Blog Entries

Visas for “Short Term Tasks”

Keeping track of visa regulations in China sometimes feels like a game of Whack-a-Mole. Ten-year tourist visas! Yay! Whack! Background checks required! Ugh! Whack! New categories! Huh? Whack! It never seems to end!

Last week the good folks at China Law Blog highlighted yet another new set of regulations that pertain to foreigners entering China to complete “short term tasks.” These new regulations went into effect on January 1, 2015.

Here’s what it says:

According to the Processing Procedures, if a foreigner comes to China to complete a short-term work task and stays no more than 90 days, he or she must get a work visa (a/k/a a Z visa).

“Short-term work tasks” are defined as follows:

  • Completing tasks such as those involving technology, scientific research, management and guidance at the place of the China partner
  • Participating in athletic tryouts at a China sports institution
  • Shooting films, including advertisements and documentaries
  • Performing in fashion shows, including car models, and shooting print advertisement.
  • Participating in foreign-related commercial performances
  • Other circumstances as identified by MHRSS [Ministry of Human Resources and Social Security].

According to their reading of the Processing Procedures, the following activities require an M visa (“visas issued to those invited to China for commercial and trade activities”):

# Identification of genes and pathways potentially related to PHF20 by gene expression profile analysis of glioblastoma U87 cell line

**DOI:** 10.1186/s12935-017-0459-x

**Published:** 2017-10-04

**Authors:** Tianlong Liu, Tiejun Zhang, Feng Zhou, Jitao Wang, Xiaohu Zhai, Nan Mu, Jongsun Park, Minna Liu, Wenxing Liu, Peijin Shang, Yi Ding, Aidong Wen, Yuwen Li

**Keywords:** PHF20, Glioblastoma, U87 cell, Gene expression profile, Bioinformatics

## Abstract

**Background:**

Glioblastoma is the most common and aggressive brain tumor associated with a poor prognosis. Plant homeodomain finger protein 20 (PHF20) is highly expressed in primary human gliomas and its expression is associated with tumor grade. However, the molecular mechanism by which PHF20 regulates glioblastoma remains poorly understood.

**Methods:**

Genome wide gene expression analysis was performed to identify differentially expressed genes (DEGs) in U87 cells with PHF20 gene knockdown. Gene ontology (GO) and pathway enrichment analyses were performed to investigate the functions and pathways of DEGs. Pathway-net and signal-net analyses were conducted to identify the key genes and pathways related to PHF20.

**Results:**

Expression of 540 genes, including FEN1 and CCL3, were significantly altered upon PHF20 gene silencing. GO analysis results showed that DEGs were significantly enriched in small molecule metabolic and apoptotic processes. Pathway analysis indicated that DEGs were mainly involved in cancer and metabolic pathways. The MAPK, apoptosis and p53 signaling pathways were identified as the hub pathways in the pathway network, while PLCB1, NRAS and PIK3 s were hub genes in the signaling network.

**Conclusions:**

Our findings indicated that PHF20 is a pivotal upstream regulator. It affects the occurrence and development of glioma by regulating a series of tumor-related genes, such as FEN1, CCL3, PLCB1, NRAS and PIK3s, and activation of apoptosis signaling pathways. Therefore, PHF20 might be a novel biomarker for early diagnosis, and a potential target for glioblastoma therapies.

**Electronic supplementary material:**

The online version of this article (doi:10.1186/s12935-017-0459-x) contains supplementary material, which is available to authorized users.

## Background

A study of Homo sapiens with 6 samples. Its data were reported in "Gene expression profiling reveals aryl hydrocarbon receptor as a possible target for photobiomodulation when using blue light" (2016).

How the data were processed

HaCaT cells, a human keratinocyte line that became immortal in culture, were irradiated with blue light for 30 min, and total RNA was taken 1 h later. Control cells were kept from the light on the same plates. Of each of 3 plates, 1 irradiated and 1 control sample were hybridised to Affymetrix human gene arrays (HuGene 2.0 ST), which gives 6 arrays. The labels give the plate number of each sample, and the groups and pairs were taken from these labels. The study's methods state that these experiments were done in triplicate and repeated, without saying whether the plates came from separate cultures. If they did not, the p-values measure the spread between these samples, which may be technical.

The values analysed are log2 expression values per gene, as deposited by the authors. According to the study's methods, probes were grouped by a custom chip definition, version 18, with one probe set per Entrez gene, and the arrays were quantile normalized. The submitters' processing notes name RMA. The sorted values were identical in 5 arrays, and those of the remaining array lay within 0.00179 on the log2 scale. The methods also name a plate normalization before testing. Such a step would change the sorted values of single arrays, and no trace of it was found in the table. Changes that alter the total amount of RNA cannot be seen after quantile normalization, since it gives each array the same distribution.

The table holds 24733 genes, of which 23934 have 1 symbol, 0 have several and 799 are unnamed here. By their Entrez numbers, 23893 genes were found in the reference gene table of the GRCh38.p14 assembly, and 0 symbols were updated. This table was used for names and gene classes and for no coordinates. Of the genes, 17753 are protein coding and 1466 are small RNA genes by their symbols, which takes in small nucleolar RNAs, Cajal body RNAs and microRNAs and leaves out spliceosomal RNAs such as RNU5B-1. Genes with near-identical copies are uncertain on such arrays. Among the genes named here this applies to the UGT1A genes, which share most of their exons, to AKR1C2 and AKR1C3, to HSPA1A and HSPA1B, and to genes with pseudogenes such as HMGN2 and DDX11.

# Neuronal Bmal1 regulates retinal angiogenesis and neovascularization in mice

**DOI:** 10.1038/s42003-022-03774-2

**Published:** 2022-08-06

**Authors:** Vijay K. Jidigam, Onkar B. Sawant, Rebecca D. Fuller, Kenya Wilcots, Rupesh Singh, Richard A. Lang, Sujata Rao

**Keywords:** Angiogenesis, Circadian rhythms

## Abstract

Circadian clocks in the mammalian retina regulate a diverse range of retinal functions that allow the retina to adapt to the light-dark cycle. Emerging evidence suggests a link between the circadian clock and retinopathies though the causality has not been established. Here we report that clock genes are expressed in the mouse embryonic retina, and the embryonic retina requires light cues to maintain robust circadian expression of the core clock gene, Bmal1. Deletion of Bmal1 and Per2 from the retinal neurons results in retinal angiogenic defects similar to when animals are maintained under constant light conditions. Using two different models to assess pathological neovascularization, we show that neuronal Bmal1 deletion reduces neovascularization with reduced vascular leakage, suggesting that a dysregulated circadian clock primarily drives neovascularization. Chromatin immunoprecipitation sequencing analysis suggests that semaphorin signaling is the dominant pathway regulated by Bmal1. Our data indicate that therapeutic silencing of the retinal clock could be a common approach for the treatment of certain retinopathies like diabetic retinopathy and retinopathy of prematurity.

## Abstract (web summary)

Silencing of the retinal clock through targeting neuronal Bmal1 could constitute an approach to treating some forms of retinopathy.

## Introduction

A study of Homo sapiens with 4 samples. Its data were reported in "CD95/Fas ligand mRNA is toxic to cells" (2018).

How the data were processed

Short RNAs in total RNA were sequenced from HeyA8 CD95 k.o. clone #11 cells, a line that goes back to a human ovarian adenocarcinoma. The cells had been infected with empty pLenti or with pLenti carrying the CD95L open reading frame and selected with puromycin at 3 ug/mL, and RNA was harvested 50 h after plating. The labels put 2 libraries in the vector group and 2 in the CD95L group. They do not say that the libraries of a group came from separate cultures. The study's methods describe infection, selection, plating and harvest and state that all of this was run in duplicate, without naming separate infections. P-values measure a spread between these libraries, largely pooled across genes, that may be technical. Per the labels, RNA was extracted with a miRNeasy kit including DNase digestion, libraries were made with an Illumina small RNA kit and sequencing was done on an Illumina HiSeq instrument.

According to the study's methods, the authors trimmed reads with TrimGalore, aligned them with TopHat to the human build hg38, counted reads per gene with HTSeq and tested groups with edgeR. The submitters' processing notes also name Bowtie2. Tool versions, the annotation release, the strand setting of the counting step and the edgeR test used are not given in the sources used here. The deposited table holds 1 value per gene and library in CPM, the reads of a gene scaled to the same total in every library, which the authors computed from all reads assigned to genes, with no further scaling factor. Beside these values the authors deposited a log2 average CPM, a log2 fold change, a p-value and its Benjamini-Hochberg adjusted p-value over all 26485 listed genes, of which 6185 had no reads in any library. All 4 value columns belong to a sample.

• Providing services such as maintenance, installation, commissioning, disassembly, guidance or training associated with the purchase of machines and equipment
  • Guiding, supervising and inspecting a China project won in a bid
  • Being seconded to work short-term at a China branch, subsidiary or representative office established by a foreign company
  • Participating in most sports competitions

According to their reading of the Processing Procedures, the following activities require an F visa (“visas issued to those invited to China for exchanges, visits, study tours and other activities”):

  • Working as a volunteer for free or even though paid, payment is received from a foreign entity
  • Participating in commercial performances not noted as “foreign-related commercial performances” by the relevant cultural authorities in the approval letter

If you or your organization are planning a short-term trip to China this summer, now is probably a good time to start thinking about what kind of visa you will need.

Image credit: Visa, by Helen K, via Flickr

Share to Social Media
Joann Pittman

Joann Pittman

Joann Pittman is Vice President of Partnership and China Engagement and editor of ZGBriefs. Prior to joining ChinaSource, Joann spent 28 years working in China, as an English teacher, language student, program director, and cross-cultural trainer for organizations and businesses engaged in China. She has also taught Chinese at the University …View Full Bio

Are you enjoying a cup of good coffee or fragrant tea while reading the latest ChinaSource post? Consider donating the cost of that “cuppa” to support our content so we can continue to serve you with the latest on Christianity in China.